Chinese dissident in U.S. tells of harassment, torture
REPORTING FROM BEIJING -- Chinese dissident writer Yu Jie, who fled to the United States this month, says he was tortured and harassed in 2010 even as the Nobel Peace Prize was being awarded to his best friend, Liu Xiaobo.
Speaking at a news conference in Washington on Wednesday, Yu said he was taken from his home Dec. 9, 2010, the day before the Nobel ceremony, forced into a car with a black hood over his head and taken to an undisclosed location. There he was stripped naked and forced to the floor, where he was kicked and slapped. Security officers threatened to break his fingers and burn his face with cigarettes.
"Right now, foreigners are awarding Liu Xiaobo the Nobel Peace Prize, humiliating our party and government. We’ll pound you to death to avenge this," Yu said the head security officer told him. "There are no more than 200 intellectuals in the country who oppose the Communist Party and are influential. If the central authorities think that their rule is facing a crisis, they can capture them all in one night and bury them alive."
Yu was released after three days in custody with promises that he wouldn’t speak out, contact foreign reporters or embassies. His injuries were so serious that he needed to be hospitalized.
The 38-year-old Yu has been one of the Chinese Communist Party’s most daring critics. In 2005, he provoked a fury by saying, "We criticize the Yasukuni Shrine [in Japan that honors its war dead], but we have Mao Tse-tung's shrine in the middle of Beijing, which is our own Yasukuni. This is a shame to me, because Mao Tse-tung killed more Chinese than the Japanese did."
Yu has not been able to publish in China for nearly a decade and had spent much of the last year and a half under house arrest before his departure. His most recent book about the Chinese premier, "China's Best Actor: Wen Jiabao," was published in Hong Kong in August 2010.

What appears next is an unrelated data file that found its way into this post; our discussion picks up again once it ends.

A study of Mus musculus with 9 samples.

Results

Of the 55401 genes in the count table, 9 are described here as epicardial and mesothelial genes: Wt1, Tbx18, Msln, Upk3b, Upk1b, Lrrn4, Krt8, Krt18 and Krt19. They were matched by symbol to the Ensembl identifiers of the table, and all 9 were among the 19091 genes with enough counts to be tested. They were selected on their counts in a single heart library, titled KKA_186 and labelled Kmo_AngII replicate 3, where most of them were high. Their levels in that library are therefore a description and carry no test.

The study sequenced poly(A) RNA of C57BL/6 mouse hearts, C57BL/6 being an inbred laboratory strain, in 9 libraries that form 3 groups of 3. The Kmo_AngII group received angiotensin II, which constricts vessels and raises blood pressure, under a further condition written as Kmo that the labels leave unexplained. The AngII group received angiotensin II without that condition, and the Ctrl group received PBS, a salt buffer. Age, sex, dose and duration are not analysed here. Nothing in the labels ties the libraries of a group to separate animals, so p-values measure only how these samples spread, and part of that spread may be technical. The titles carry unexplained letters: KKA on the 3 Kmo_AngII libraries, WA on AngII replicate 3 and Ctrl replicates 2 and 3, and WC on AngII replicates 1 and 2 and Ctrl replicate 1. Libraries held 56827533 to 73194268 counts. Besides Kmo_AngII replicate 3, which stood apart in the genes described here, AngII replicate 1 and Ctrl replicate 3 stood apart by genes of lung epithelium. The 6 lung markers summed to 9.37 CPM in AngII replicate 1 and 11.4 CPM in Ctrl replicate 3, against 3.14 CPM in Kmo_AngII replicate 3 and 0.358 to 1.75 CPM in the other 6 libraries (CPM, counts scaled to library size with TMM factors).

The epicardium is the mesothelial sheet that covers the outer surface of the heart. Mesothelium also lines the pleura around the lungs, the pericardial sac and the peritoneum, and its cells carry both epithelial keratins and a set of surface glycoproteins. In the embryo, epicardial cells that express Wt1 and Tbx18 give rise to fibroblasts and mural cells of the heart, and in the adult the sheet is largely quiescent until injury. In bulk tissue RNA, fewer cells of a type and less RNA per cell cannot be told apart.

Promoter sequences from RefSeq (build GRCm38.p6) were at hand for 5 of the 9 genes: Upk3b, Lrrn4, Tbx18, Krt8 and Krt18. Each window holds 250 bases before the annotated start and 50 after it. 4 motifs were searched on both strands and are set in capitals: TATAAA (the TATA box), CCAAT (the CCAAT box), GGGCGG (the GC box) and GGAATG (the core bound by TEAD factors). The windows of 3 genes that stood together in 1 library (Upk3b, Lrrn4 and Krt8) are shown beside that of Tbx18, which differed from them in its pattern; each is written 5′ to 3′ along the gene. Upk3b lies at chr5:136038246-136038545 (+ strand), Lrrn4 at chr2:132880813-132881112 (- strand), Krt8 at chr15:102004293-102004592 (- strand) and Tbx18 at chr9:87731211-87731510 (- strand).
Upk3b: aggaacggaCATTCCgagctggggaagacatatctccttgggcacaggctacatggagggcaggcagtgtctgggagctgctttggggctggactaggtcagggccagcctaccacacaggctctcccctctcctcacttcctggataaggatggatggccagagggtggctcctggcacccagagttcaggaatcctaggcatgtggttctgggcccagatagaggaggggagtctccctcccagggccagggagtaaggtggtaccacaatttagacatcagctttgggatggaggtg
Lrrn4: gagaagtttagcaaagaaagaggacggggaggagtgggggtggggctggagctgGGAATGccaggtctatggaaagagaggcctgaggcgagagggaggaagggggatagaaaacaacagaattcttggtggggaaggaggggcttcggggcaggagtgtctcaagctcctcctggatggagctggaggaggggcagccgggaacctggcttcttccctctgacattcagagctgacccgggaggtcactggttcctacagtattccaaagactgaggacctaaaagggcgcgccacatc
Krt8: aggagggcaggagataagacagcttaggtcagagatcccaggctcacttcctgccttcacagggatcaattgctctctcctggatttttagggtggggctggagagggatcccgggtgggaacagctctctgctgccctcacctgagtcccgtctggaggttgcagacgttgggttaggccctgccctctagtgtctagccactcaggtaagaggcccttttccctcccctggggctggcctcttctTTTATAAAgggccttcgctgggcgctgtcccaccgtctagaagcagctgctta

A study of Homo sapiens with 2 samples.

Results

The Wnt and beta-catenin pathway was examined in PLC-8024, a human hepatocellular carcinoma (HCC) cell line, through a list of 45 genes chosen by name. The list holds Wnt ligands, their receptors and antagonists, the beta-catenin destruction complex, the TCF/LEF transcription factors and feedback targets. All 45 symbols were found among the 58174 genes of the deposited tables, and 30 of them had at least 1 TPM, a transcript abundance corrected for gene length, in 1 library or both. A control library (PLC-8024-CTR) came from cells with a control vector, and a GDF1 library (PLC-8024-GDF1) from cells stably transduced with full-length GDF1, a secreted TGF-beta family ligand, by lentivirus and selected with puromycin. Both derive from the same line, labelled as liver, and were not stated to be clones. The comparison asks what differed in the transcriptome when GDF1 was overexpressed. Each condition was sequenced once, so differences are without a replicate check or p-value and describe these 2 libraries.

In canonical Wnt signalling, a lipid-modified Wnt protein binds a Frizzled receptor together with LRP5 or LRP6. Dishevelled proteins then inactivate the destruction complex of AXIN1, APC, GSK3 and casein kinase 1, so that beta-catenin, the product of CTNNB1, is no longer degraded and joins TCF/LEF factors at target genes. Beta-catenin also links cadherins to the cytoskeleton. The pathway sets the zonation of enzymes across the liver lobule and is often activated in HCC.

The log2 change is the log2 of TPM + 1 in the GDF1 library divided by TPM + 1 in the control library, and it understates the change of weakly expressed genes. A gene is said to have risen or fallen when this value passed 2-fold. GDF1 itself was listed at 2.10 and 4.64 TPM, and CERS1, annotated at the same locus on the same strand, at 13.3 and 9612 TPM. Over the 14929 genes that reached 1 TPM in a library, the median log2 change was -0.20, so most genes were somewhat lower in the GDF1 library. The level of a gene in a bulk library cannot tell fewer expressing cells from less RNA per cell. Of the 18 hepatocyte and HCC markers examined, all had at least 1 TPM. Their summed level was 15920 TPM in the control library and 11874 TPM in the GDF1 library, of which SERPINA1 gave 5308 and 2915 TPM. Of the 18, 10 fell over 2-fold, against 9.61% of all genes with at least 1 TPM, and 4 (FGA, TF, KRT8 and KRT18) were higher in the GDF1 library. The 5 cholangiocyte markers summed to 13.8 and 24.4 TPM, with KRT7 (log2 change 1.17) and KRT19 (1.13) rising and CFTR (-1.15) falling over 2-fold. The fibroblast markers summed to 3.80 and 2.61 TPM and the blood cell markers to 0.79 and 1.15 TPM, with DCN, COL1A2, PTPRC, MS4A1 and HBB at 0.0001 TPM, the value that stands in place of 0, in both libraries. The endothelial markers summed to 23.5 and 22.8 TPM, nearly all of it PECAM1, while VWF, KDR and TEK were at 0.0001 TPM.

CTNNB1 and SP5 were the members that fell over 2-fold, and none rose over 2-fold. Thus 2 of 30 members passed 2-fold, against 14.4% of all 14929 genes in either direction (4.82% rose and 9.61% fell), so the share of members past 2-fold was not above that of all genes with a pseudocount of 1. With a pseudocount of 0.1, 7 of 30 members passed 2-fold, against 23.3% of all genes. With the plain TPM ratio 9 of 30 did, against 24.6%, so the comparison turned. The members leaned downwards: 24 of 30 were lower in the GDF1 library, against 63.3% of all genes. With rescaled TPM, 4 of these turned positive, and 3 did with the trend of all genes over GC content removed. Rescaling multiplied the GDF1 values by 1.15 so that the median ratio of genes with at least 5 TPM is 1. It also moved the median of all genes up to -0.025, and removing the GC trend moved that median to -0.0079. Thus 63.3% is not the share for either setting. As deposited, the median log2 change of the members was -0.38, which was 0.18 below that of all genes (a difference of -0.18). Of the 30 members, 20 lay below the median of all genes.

In a statement Wednesday, Yu said he believed that China is backsliding in terms of free speech.
"During the Jiang Zemin era [1989-2002], I had been able to publish some of my works in China -- there was still a certain space for free speech in China. After Hu Jintao and Wen Jiabao took power in 2004, I was totally blocked," he said. "Since that time, no media in mainland China would print a single word by me, and articles by others which mentioned my name would be deleted. Though I was physically in China, I became an 'exile at heart' and a 'nonexistent person' in the public space."
Yu, his wife and their 3-year-old son were permitted to leave China on Jan. 11 for the United States. Liao Yiwu, another dissident writer who was not allowed to leave, crossed China’s border into Vietnam in July and went into exile in Germany.
Nobel laureate Liu is serving an 11-year prison term for "subversion of state authority" after organizing a manifesto known as Charter 08 calling for democratic reforms and respect for human rights. He was released briefly in September to attend a mourning ceremony for his recently deceased father amid signs that Chinese authorities were easing the terms of his confinement.